NYIT nursing students at the first White Coat Ceremony.


It’s a First: Nursing Students Receive White Coats

November 7, 2016

During a ceremony on November 2, students in the NYIT nursing program received their white coats for the first time. In fact, the rite of passage is new for nurses in general; it was first introduced in 2014 as a way to recognize the vital role that nurses play in the healthcare system and to symbolize their entry into the clinical phase of nursing. In just two years, more than 200 schools are participating.

“This ceremony sets the professional tone for these students,” said Susan Neville, Ph.D., professor and chair of Nursing. “It’s important for everyone to realize the role of the nurse as a valued team member in the healthcare system.”

Jerry Balentine, D.O., vice president for medical affairs and global health, opened the ceremony. Then keynote speaker, Launette Woolforde, Ed.D., vice president for system nursing education and professional development at Northwell Health, took the stage. She reminded the audience that nursing has come a very long way. “I didn’t have this experience when I was a nursing student. You’ve been afforded this opportunity to pause and reflect on your academic journey, how far you’ve come, and how far you’ll go. It’s time to put your learning into doing,” she said.

Woolforde also reminded the students how privileged they are to be studying in such a respected program. “You have to stay focused and committed to the mission that this institution has instilled in you,” she said.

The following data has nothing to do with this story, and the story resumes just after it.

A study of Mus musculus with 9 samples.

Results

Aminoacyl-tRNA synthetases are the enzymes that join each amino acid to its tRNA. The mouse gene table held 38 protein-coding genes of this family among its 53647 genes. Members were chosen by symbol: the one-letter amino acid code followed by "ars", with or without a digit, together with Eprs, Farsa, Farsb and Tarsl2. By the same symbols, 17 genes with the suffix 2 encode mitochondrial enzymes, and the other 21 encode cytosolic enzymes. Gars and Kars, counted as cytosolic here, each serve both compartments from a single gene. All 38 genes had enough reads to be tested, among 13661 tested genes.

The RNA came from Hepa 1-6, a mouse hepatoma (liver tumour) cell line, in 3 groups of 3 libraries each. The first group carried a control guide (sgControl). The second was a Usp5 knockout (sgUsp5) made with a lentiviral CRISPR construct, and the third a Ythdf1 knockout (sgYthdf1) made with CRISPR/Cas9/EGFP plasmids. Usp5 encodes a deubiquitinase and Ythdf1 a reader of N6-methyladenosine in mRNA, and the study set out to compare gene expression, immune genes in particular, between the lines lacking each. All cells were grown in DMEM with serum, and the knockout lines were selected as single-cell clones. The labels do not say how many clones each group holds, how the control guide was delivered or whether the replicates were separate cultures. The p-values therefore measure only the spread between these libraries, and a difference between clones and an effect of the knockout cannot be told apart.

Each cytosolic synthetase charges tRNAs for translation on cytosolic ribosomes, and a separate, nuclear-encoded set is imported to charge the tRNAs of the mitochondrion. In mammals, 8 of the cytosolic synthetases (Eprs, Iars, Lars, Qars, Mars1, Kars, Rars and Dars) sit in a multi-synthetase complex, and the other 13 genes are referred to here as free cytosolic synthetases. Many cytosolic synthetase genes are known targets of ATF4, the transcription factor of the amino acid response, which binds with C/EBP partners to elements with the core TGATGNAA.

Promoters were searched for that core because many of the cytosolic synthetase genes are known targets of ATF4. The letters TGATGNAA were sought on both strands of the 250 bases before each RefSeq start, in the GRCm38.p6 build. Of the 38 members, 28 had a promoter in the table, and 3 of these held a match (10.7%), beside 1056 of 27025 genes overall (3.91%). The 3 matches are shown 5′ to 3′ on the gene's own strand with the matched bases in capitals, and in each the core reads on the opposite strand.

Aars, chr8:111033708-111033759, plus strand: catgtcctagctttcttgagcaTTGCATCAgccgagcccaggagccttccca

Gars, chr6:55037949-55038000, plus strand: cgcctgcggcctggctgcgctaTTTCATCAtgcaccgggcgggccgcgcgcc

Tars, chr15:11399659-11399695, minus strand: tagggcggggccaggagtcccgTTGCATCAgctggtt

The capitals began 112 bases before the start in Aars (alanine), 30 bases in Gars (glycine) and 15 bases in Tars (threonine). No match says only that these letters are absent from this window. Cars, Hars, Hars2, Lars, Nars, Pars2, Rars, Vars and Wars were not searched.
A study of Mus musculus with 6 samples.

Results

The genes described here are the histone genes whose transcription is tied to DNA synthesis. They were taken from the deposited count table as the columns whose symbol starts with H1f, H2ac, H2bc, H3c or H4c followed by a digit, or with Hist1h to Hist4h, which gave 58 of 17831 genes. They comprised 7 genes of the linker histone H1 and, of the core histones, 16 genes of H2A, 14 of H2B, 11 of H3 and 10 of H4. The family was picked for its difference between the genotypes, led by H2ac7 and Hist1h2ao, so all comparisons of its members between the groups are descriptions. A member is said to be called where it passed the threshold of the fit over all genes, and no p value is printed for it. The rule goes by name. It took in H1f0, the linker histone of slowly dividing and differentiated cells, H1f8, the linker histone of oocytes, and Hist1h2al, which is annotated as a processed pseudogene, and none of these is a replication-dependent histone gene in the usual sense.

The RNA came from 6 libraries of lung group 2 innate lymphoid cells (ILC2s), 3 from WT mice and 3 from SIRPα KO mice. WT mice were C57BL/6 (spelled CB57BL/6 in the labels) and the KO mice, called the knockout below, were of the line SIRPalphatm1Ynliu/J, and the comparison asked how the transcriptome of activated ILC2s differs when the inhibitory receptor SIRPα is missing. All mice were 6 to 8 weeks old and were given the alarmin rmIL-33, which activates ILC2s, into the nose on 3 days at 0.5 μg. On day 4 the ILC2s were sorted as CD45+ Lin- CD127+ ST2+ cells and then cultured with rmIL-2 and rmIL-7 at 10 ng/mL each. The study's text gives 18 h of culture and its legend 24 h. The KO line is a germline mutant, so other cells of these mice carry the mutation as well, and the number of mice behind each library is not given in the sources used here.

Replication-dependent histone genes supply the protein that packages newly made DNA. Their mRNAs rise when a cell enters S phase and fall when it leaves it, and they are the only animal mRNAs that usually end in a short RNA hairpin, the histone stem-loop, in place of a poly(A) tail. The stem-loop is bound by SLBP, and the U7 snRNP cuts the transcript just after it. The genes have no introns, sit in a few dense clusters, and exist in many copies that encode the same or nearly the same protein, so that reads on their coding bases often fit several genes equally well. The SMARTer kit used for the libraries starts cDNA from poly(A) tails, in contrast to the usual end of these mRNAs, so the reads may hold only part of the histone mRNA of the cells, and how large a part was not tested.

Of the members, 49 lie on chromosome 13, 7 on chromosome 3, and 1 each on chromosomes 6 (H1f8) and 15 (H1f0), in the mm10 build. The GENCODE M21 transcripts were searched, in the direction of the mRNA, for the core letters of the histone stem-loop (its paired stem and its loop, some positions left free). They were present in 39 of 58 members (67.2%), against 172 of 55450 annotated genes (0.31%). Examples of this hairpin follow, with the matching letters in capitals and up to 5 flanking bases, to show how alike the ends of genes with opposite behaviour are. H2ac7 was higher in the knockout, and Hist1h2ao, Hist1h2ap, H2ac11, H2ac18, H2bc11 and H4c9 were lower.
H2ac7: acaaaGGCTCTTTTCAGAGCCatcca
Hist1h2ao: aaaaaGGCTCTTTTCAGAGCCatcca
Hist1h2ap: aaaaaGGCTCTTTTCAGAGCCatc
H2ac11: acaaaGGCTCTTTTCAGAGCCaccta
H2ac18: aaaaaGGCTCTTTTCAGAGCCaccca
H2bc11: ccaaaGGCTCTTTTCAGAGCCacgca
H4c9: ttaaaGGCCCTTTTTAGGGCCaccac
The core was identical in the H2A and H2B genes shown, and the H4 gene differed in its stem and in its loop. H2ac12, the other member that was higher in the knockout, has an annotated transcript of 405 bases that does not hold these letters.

More than 100 guests gathered to witness the students pledge their commitment to caring for patients, their families, and their communities, locally, nationally, and globally. Traditionally, students in their junior year participate in the ceremony, but since this was the first year NYIT held the event, seniors were also invited to receive their white coats.

After pledging the oath, Pegah Shahbazi, the senior class representative, and Christina Rodriguez, the representative for the junior class, gave closing remarks.

“We are extremely fortunate to learn from our seasoned professors here at NYIT,” said Shahbazi. “Although being a nurse isn’t about grades. No class can teach you how to tell their family that their parents have died or are dying. Being a nurse is not about medications or documentation; it’s about being able to love people when they are at their weakest moments.”

As Neville pointed out, healthcare is a profession that requires not only technical skills and theoretical knowledge, but also compassion.

“I think it’s such an honor to start wearing a white coat,” added Rodriguez. “This is a historic moment where nurses are being recognized for having much more knowledge and that the nursing profession is becoming much more reputable.”